How to Improve the Defiant Behavior of Teenagers

By Amy Morin

Establish Appropriate Rules and Consequences

Step 1

Create rules that clearly state your expectations. Establishing a list of rules and ensuring your teenager understands them can prevent a lot of disagreements later on.

Step 2

Discuss negative consequences for breaking the rules ahead of time. Make it clear what will happen if he's late for curfew or if he doesn't do his chores.

Step 3

Address one behavior at a time if there are many behavior problems to contend with at once. Focus on the behavior that you are most concerned about first. If you've got a teen who is skipping school, not doing his chores and swearing, you might decide to focus on his school attendance first and worry about the chores and swearing later. It may be overwhelming to you and your teen if you attempt to address every misbehavior at once.

Address Misbehavior with Negative Consequences

Step 1

Actively ignore minor behavior problems such as whining, sulking or complaining. Ignoring shows that you aren't interested in arguing, nagging or justifying the rules and consequences when your teen doesn't discuss his concerns and feelings in an appropriate manner.

Step 2

Remove privileges when your teen breaks a rule. Take away whatever privilege is meaningful to your teenager, such as spending time with friends or using the computer to play games. Clearly specify the length of time that the privilege will be removed or the steps your teen needs to take to earn the privilege back. For example, take away TV for 24 hours or allow your child to earn back his ability to go to a friend's house only after he has cleaned his room.

Step 3

Impose additional responsibilities if a serious rule has been broken. For example, if he gets kicked off the bus for two days, make him do extra chores to make up for the time you'll have to spend driving him to and from school.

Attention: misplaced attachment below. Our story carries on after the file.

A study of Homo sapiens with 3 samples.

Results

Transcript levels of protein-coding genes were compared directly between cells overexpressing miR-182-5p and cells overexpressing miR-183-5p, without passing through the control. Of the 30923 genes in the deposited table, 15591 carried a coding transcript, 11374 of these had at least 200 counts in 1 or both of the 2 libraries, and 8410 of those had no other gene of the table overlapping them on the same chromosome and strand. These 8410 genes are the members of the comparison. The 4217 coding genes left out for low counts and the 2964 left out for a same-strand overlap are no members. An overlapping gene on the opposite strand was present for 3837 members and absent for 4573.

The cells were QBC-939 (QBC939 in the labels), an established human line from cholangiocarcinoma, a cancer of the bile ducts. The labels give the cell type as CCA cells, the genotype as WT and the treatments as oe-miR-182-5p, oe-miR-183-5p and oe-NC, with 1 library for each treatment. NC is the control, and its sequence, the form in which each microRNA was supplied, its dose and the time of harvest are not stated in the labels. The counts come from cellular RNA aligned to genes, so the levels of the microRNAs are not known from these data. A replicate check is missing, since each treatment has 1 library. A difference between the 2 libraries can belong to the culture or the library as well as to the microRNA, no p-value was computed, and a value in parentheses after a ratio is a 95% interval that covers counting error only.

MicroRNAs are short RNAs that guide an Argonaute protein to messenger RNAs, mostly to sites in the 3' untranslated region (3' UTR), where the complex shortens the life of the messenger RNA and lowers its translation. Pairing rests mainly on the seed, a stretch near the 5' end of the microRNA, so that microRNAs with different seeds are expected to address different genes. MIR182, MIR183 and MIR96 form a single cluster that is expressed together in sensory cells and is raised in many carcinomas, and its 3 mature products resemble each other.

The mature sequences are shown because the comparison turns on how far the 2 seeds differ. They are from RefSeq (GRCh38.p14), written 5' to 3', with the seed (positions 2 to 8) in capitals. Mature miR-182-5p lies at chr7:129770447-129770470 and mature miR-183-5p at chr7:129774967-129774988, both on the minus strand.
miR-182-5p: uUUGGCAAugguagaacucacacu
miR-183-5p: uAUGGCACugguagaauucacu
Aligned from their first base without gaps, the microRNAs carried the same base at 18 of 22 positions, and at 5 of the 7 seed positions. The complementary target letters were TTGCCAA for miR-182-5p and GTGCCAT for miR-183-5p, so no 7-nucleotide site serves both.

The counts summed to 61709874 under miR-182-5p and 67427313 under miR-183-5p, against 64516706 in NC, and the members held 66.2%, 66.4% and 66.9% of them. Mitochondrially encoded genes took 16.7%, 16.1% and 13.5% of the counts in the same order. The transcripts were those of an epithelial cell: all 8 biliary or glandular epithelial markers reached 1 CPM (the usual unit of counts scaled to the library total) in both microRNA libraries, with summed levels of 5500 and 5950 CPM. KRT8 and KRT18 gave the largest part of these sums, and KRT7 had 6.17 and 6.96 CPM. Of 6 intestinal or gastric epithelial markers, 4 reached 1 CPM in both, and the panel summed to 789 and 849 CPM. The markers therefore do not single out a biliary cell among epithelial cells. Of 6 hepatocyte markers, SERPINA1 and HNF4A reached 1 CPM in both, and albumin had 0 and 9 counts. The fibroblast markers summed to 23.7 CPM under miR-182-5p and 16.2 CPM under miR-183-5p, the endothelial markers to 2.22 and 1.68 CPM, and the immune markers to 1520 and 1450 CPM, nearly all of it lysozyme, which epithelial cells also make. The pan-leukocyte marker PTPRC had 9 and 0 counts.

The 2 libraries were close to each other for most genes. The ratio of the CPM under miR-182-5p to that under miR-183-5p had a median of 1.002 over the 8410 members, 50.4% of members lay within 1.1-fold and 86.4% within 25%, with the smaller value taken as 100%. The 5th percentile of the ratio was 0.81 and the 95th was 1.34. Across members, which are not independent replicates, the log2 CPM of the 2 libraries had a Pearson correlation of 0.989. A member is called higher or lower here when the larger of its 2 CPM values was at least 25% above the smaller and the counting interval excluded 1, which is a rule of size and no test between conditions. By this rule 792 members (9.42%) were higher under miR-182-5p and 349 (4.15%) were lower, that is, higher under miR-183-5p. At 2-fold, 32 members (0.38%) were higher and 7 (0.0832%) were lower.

Reward Positive Behavior

Step 1

Provide plenty of positive attention so that you aren't always focusing on the negative behavior. Praise good behavior when you see it and focus on your teen's efforts.

Step 2

Reward good behavior with tangible rewards. For example, motivate your teen to complete his homework on time by offering him a chance to go to the movies on Friday night if he's completed his homework every day without being told to finish it.

Step 3

Increase privileges when your teen exhibits responsible behavior and follows the rules. If your teen shows he can be home each night in plenty of time for his curfew, allow him to stay out 30 minutes later the next time. Show your teen that he can earn other extra privileges by showing a willingness to follow the rules.

About the Author

Amy Morin has been writing about parenting, relationships, health and lifestyle issues since 2009. Her work appears in many print and online publications, including Mom.me and Global Post. Morin works as a clinical therapist and a college psychology instructor. Morin received her Master of Social Work from the University of New England.